Under normal fall-like temperatures, Americans poured down the streets of Washington D.C. last Saturday, marching in unity towards the Supreme Court. These civilians came to protest the inconvenient truth that is Joe Biden’s presidential election victory. They did so partly fueled by the guise of unsupported and misguided allegations of voter fraud. The night ended in the arrests of 20 people and in one stabbing.
This disturbance could potentially be one of many incidents of post-election civil unrest to come.
Increased Political Violence
…violent white supremacy was the “most persistent and lethal threat in the homeland” and that white supremacists were the most deadly among domestic terrorists in recent years.
Experts believe we are likely to see a call from President Trump to ‘take action’ – possibly including hate speech – as done in the past – leaving the execution of those tactics up to individuals and groups.
Because of the intent and planning involved in this kind of behavior, some are questioning if we should expect to see continued acts of violence in the weeks and even months after the inauguration in January 2021.
The Rise of Social Media Attacks
Spurring these attacks will likely be the use of social media and digital platforms as a recruitment space. The Homeland Security report warns,
Violent extremist media almost certainly will spread violent extremist ideologies, especially via social media, that encourage violence and influence action within the United States.
Some right-wing extremists are creating safe spaces online in the form of conservative social media platforms. These platforms serve to uphold and perpetuate highly conservative ideologies.
Social media sites show President Trump supporters moving onto post-election include Parler, a right-wing social platform that promotes the spreading of ‘crazy opinions‘. Its latest user, perhaps unsurprisingly, is Ivanka Trump. Other apps and news sources that cater to right-wing extremism include Rumble, OAN, and Newsmax.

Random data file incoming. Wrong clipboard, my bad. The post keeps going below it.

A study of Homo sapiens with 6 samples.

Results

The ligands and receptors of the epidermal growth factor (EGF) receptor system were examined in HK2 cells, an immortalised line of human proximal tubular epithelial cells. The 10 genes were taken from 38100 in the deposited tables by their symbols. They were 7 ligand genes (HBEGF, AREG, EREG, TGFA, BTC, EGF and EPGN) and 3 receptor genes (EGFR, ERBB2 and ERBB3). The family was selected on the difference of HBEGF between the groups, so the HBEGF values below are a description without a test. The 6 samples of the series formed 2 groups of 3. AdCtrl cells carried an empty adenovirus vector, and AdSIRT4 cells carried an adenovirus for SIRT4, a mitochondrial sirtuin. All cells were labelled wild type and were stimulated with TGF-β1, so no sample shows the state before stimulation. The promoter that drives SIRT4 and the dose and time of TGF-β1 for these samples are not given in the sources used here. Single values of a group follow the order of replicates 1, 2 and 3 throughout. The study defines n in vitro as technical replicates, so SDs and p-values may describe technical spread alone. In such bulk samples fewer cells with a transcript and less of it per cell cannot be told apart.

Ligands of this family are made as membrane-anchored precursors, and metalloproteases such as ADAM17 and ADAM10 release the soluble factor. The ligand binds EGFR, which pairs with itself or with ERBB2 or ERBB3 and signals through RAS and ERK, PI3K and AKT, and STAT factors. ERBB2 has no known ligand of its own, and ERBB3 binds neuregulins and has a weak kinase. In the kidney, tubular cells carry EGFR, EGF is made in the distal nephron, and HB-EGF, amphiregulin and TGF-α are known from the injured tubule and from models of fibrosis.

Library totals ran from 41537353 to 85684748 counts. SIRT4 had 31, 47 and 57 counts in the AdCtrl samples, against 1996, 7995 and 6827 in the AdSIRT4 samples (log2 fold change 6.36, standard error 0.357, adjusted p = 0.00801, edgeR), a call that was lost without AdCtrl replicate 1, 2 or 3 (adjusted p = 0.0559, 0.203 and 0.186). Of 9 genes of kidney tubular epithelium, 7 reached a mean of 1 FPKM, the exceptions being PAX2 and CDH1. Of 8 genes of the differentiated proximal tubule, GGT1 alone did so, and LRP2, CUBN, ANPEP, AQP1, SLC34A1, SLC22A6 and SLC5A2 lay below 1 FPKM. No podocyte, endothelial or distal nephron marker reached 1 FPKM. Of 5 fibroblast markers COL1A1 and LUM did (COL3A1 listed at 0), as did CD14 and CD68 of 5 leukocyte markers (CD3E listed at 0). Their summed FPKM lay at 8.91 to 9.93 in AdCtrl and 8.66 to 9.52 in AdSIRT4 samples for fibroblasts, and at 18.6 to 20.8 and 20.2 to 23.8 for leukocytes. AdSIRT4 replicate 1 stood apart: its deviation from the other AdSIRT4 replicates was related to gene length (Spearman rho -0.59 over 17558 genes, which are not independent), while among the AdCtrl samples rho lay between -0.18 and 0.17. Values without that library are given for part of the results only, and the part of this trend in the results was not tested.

Unfortunately, social media and news platforms are often used as tools to increase the exploitation of people’s fears in the coming months and years. With the doubling up of increased silos across news networks and social media platforms, left-wing and centrist media will also have to strategize how to reach conservatives and right-wing extremists with fact-based information.
Here are 4 tips on coping with this intense post-election period:
1. Order Your Groceries And Household Supplies
If you live in an urban area and anticipate that there could be protests, riots, or other political action taking place on streets near your home, the first thing you should do is stock up on groceries and supplies. No need to go crazy – just order enough to last for a few weeks to a month. Have them delivered to your home, if possible.
Be sure to order all prescriptions you may need for the next month or so.
2. Have An Evacuation Plan
If you need to leave your home to get to a safe area, where will you go and how will you get there? Keep in mind that public transportation may be affected or unsafe during political unrest. Plan on having a backup plan that does not involve the use of public transportation.
Pack a small “to-go” bag in case you need to leave unexpectedly. Your to-go bag should include a mask, a change of clothes, any medications you may need, and your IDs. Bringing a snack bar or an apple in case your commute becomes delayed.
3. Talk To Your Boss
Many companies have asked their nonessential workers to come into the office. If you haven’t already, speak with your boss about working remotely until there is more clarity around potential disruptions.
If you do go into work, be prepared to leave early if political unrest starts. Think through multiple exit strategies in case your primary source of transportation or your ideal route is blocked off.
If you work in a government building, talk to your management/team about what precautions they have set in place to ensure the safety of any commuting staff. Don’t be afraid to ask to work remotely if a few precautions are in place.
4. Have A Mental Health Plan
Regardless of what occurs in the following hours, days, or weeks, it is vital you have a mental health plan. We are living in unprecedented times. If election anxiety felt overwhelming, just imagine being on the losing side of an election.
If it helps to talk to friends, schedule calls, or zoom times with loved ones in advance. If you need a trained professional, apps like Talkspace and Larkr can provide affordable sessions. Even tuning into podcasts like But, Have You Considered Therapy’s post-election self-care episode might be helpful.
If you need alone time, don’t be afraid to say so. Even taking some days or half days off of work to give your mind time to process is totally normal. Stay away from the news! It will be months before things go back to a degree of normalcy, so there is no need to overwhelm yourself. Don’t worry – the news will be there when you get back.